Sunday, August 06, 2017

Oxygen can't hit any closer to home to realize that a carbon sink, such as corals, are real, needed and vital to life on Earth.

August 5, 2017
By Elizabeth Djinis
Key West — A strange scene (click here) plays out in the depths below the clear azure water of Key West’s Fort Zachary Taylor Historic State Park on a recent morning, one that doesn’t quite fit with the serene ambiance of the area.
About a quarter-mile offshore, two Mote Marine Laboratory scientists dive into the water, holding trays with tiny pieces of coral mounted on a ceramic base. They delicately grasp each circular piece, resembling something one might see at a dinner party — a mini-quiche or canape — and place them gingerly into the rock, nearly 15 feet below the surface.
Soon, scientists expect the 320 pieces of coral planted in late July will grow and fuse into full-size mountain star coral, which will spawn and produce coral of its own. The nearly 6,000 coral fragments planted last year in an underwater landscape mere meters from this one have already begun what David Vaughan, executive director of Mote’s newly completed Elizabeth Moore International Center for Coral Reef Research and Restoration, calls “re-skinning.” It will take them two to three years to fully come together, but Vaughan said their progress is a positive indicator for the 7,000 corals they planted in another section this year.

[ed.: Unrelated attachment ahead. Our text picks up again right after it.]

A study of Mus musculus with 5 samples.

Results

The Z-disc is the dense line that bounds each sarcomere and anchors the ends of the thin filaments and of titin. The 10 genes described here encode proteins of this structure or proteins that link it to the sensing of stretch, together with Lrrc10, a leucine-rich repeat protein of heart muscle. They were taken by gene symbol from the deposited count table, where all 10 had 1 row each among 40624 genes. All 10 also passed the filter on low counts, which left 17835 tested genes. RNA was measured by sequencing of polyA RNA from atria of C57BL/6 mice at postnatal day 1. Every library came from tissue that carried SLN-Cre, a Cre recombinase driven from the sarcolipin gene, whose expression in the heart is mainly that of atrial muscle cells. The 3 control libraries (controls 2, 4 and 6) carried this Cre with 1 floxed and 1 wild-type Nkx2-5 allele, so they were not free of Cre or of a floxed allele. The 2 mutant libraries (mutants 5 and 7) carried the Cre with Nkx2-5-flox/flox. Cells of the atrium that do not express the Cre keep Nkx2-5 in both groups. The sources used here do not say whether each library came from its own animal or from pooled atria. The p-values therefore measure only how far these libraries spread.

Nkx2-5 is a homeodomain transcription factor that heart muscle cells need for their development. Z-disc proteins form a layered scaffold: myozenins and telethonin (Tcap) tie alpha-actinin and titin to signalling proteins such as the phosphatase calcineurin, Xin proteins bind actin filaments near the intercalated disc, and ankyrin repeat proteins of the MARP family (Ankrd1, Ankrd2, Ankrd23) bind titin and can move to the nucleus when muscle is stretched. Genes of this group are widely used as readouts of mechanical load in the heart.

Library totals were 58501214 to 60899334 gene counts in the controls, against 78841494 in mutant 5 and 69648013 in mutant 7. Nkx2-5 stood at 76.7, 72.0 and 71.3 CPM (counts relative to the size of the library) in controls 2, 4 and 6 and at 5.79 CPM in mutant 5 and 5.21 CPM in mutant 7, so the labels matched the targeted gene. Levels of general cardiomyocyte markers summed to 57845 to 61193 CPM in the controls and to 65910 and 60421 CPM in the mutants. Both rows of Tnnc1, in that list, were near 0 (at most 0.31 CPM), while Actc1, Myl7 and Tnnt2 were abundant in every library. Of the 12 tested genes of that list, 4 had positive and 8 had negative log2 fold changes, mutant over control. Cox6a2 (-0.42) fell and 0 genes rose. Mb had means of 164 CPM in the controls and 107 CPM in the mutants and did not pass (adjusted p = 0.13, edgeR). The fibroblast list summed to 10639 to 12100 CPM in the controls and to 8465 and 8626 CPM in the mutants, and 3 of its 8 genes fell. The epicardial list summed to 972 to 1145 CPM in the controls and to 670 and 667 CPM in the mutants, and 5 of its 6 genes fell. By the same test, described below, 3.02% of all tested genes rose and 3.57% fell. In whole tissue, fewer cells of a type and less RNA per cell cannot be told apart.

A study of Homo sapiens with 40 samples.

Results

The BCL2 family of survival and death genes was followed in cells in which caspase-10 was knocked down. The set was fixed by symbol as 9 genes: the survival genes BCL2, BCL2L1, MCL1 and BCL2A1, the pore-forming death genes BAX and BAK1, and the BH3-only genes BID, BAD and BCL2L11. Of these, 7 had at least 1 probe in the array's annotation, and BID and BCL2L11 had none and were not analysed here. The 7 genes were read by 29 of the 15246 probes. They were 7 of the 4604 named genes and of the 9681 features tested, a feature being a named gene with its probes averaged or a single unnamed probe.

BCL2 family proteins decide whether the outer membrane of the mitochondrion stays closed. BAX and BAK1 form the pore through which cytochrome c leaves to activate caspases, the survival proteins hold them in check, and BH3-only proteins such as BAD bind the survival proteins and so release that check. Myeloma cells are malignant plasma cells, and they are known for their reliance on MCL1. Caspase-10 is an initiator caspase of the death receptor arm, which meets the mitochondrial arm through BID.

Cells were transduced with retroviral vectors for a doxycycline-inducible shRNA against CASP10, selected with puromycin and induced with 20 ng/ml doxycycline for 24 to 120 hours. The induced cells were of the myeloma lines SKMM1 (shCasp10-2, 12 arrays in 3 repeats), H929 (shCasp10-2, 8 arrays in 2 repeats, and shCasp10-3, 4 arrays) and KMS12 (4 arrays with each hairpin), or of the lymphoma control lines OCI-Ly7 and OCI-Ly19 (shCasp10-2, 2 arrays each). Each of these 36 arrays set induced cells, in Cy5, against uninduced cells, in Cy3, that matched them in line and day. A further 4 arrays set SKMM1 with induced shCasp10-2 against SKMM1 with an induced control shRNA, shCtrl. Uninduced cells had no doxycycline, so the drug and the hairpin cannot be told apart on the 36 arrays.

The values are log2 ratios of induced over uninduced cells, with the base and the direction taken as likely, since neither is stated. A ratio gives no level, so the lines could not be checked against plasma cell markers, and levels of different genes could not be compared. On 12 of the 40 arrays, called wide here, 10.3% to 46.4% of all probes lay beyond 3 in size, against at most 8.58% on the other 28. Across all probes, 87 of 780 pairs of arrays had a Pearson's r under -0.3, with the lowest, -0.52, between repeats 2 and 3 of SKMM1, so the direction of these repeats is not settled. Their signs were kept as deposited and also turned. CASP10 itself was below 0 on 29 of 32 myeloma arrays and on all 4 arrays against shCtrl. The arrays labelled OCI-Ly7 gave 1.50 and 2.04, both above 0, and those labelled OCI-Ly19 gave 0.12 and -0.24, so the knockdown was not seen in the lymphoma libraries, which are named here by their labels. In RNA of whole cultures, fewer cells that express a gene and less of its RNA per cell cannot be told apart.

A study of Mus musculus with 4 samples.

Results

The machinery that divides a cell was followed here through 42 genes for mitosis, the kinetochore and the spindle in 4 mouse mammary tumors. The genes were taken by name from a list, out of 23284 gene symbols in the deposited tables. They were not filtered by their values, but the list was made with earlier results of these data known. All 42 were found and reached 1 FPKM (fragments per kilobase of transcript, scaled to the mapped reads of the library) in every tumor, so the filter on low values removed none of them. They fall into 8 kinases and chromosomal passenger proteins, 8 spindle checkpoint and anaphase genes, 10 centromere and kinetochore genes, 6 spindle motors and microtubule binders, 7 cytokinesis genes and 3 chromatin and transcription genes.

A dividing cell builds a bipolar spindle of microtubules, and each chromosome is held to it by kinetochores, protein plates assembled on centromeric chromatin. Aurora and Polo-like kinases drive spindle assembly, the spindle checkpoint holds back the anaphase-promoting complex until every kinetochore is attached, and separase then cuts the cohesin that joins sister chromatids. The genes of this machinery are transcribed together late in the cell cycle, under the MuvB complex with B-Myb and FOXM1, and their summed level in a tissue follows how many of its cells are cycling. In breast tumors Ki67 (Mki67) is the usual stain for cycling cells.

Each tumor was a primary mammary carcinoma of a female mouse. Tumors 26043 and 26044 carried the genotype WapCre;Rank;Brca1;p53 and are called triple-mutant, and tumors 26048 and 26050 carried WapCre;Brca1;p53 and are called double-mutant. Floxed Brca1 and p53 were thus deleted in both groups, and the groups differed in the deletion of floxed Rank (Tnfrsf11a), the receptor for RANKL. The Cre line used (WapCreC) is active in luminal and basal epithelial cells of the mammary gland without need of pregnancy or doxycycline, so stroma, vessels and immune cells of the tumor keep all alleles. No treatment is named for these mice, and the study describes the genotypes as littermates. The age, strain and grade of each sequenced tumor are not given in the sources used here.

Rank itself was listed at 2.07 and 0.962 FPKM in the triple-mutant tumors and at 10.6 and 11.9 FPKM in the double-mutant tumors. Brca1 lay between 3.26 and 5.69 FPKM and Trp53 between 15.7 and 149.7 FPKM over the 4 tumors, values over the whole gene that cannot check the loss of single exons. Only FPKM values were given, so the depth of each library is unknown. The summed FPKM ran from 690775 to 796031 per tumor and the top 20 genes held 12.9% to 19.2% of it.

“This is the good news — that’s what’s different,” Vaughan said. “This is now a turnaround that we can make a difference growing corals. But it’s not over.”
Corals have been under attack in the world’s oceans for some time. In the 1970s, Vaughan said, the Florida Keys lost 20 percent of their corals through bleaching, a process in which changes in conditions such as temperature can stress and kill them, turning them white and causing the algae inside them to leave. The Florida Keys have experienced bleaching in 12 of the last 14 years, he adds, and in 2005, half of the coral reefs in the Caribbean were lost to a bleaching event.
Vaughan grows frustrated when he hears from climate-change deniers who contest the destruction of coral and its importance....

It is time to love Earth again. Scientists can make that love interesting, wholesome and easy.